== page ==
Mr AMES called upon gentlemen to show why Congress, under this new Constitution, has more power than under the old Confederation.
Mr SINGLETARY, in answer showed the checks were different—an—elections—rotation—recall—in the old, and not in the new.
By the new Constitution, Congress can lay no direct tax but on polls, where the poor will pay as much as the rich objects to representation—thirty thousand men on a sand hill will pay as much as the same numbers in the Garden of Eden—our debt is our safety as long as we can pay the interest. Mr Ames appears to be conscience—struck; a lawyer consciencestruck!—perhaps it is for the poor paying as much as the rich.1
States ought not to have an equal representation in the Senate, according to interest—but it is said we could not do better—very pretty—the great must give way to the less—2
suppose nine adopt and four reject, what will you do? Use the sword? No, we shall be ruined—the four will be justified, because each State must consent by the old Confederation—some benefit will arise if nine States accept, as it will prevent paper money and save the States, by endorsing them to a citizen of another State.3
Mr GORHAM. His objection to impost goes to the old Confederation as well as to the new—one State has a provision in its Constitution that there shall be no poll tax.
Mr COOLEY said, he never had advanced that all direct tax was on the polls.
Mr JONES, of Boston, shows the advantages, to all classes, from the new Constitution.
Mr JONES, of Bristol, says, power to regulate the trade abroad is enough.
Col. PORTER. To grant only an impost is to invite enemies to attack us, for shutting up our ports is to destroy our resources.
Col. TAYLOR says, he is now convinced we have no need of granting a direct tax, as the impost is enough for war and peace.
Gen. VARNUM. To say we will not grant a direct tax to Congress, is to say that we will not have the power of a direct tax, for Congress are the people, especially as in war our imposts are destroyed. Mr. DENCH wishes to go to the next session [i.e., section].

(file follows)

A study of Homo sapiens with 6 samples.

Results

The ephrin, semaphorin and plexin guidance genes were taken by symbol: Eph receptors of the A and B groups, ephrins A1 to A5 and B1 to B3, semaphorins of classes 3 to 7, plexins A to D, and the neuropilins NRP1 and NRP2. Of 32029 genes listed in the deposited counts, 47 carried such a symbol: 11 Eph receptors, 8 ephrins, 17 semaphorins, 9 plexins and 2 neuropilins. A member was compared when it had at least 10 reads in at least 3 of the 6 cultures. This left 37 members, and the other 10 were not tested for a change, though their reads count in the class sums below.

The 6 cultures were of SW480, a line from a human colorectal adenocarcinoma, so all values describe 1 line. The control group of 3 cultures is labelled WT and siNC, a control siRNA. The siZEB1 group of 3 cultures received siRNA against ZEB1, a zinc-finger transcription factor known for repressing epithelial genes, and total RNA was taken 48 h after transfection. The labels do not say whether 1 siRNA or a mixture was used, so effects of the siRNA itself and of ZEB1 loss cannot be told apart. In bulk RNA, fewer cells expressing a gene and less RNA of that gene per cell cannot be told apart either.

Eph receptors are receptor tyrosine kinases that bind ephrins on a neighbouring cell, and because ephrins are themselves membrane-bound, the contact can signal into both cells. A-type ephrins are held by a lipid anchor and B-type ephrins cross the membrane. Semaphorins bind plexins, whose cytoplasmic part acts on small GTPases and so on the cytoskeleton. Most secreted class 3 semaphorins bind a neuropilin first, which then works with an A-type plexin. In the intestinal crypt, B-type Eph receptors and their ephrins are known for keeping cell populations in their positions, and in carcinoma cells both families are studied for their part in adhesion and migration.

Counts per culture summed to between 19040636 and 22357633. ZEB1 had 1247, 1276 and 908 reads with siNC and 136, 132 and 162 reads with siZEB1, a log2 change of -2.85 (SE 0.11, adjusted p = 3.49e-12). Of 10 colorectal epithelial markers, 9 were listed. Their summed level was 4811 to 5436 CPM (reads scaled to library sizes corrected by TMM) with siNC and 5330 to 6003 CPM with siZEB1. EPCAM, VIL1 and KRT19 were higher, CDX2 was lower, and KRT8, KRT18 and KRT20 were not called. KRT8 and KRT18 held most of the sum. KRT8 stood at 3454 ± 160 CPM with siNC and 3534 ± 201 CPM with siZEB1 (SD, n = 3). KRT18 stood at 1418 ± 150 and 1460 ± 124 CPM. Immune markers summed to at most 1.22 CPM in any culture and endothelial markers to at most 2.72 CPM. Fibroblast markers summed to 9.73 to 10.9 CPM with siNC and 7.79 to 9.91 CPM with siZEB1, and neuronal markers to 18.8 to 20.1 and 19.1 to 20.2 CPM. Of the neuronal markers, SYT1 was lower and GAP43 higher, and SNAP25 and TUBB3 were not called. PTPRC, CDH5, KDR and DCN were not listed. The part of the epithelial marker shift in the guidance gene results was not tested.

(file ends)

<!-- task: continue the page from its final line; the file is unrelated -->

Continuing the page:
Mr. KING. If direct taxes can only be collected from polls, a good reason for rejecting the Constitution—but it is not true—the apportionment in the Constitution is only among the States, and not upon the individuals in a State—in the last case, Congress have a discretionary power—as to equal vote of States in the Senate, we could have no union without it.
Mr. PIERCE, of Partridgefield. Powers in Constitution are dangerous; 1. Direct taxes; 2. Duty on imposts include excises, and so a State can, by the tenth section, lay excises.
Mr. SEDGWICK was going to give an answer but it was said not to be in order and the ninth section was read.
Mr. DALTON. In favor of first paragraph because we gain a right in time to abolish the slave trade.
Mr. KINSLEY wants to know the reason why vessels from one State to another are not obliged to enter &c.
Mr. JONES. That no duties should be laid on the exports of a State.
Gen. THOMPSON. It is contrived to enable them to run.
Dr. JARVIS. It is when a vessel bound to one State makes a harbor in another he is held to pay duties.
Deacon SEVER and Deacon PHILLIPS give the same.
Mr. CABOT explains it fully.
Mr. NEAL talks against the slave trade.
Mr. COOLEY asks, whether negro slaves, emigrating into this State, will not be considered as a poll, to increase our ratio of taxes?
Rev. Mr. BACKUS answers Mr Neal, and shows we have now gained a check which we had not before, and hopes in time we shall stop the slave trade.
Mr. BODMAN says, those born slaves in the southern States may still continue slaves.
Gen. THOMPSON. If the southern States would not give up the right of slavery then we should not join with them—Washington's character fell fifty per cent, by keeping slaves—it is all a contrivance, and Washington at the head—our delegates overpowered by Washington and others.
Mr. JONES, of Bristol, objects to Article V, because we can't amend this section for twenty years.